Thai Beach Leonardo DiCaprio Made Famous Shuts Down To Recover From Tourists
Photo Credit: This photo taken on April 9, 2018 shows a crowd of tourists on the Maya Bay beach, on the southern Thai island of Koh Phi Phi. Across the region, Southeast Asia's once-pristine beaches are reeling from decades of unchecked tourism as governments scramble to confront trash-filled waters and environmental degradation without puncturing a key economic driver. / AFP PHOTO / Lillian SUWANRUMPHA / TO GO WITH AFP STORY "THAILAND-INDONESIA-PHILIPPINES-TOURISM-ENVIRONMENT" by Lillian SUWANRUMPHA with Joe FREEMAN (Photo credit should read LILLIAN SUWANRUMPHA/AFP/Getty Images)

Photo Credit: This photo taken on April 9, 2018 shows a crowd of tourists on the Maya Bay beach, on the southern Thai island of Koh Phi Phi. Across the region, Southeast Asia's once-pristine beaches are reeling from decades of unchecked tourism as governments scramble to confront trash-filled waters and environmental degradation without puncturing a key economic driver. / AFP PHOTO / Lillian SUWANRUMPHA / TO GO WITH AFP STORY "THAILAND-INDONESIA-PHILIPPINES-TOURISM-ENVIRONMENT" by Lillian SUWANRUMPHA with Joe FREEMAN (Photo credit should read LILLIAN SUWANRUMPHA/AFP/Getty Images)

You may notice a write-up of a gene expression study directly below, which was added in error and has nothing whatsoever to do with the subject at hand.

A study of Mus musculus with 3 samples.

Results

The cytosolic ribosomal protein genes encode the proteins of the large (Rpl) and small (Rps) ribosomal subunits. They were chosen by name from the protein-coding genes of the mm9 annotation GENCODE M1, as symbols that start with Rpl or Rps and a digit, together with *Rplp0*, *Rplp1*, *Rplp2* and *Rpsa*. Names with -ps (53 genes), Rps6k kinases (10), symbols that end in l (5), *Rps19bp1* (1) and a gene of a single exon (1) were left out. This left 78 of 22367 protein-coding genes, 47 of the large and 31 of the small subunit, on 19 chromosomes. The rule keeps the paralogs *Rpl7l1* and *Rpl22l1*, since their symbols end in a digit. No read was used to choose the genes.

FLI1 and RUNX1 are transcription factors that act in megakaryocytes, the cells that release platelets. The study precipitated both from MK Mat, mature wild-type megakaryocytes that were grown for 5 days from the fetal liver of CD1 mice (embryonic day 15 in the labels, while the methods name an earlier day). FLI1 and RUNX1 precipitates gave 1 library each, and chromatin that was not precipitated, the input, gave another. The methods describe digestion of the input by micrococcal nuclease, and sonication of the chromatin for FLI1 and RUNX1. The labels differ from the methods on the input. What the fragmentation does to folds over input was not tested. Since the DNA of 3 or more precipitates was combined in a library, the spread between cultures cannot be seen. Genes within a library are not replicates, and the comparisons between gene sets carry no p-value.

Thai Beach Leonardo DiCaprio Made Famous Shuts Down To Recover From Tourists

Thailand , news
Isha Thorpe
Isha Thorpe Oct 4, 2018

A popular beach in Thailand had to learn the hard way that too many tourists can actually be a bad thing. MSN claims that Maya Bay, located on the island Phi Phi Leh by the Andaman Sea, will have to be closed indefinitely for its ecosystem to recover from the thousands of tourists that visit it on such a consistent basis.

 

The exotic Thai beach was made famous by Leonardo DiCaprio when he starred in the movie The Beach. Now, the tourist spot has about 6,000 people coming to visit every single day. Maya Bay was initially closed for a total of four months on June 1. However, Thai authorities are now saying that that’s not enough time for the beach’s ecosystem to fully heal. Authorities are extending its closing to restore the beach’s coral reefs, which have become severely damaged by a large number of tourists and hotter temperatures.

 

“Four months’ closure was not enough,” Songtham Sukswang, the director of the Office of National Parks, told Reuters. “We need at least a year or even up to two years or maybe more for the environment to recover – this includes the coral reefs, mangrove, and the beach.”

 

Although this closing will most likely benefit the beach in the long run, it could also potentially hurt the country’s economy. Reportedly, 12% of Thailand’s economy comes from tourism. The closing of the beach may be a significant blow if the majority of tourists only want to visit the nation because of it. Thailand officials are aware of this. They’re now in the process to learn how to manage better the increasing amount of visitors that the country receives.

 

Nevertheless, we’re sure that there are many more attractions that the beautiful nation of Thailand has to offer visitors who vacation in the southeast Asian getaway.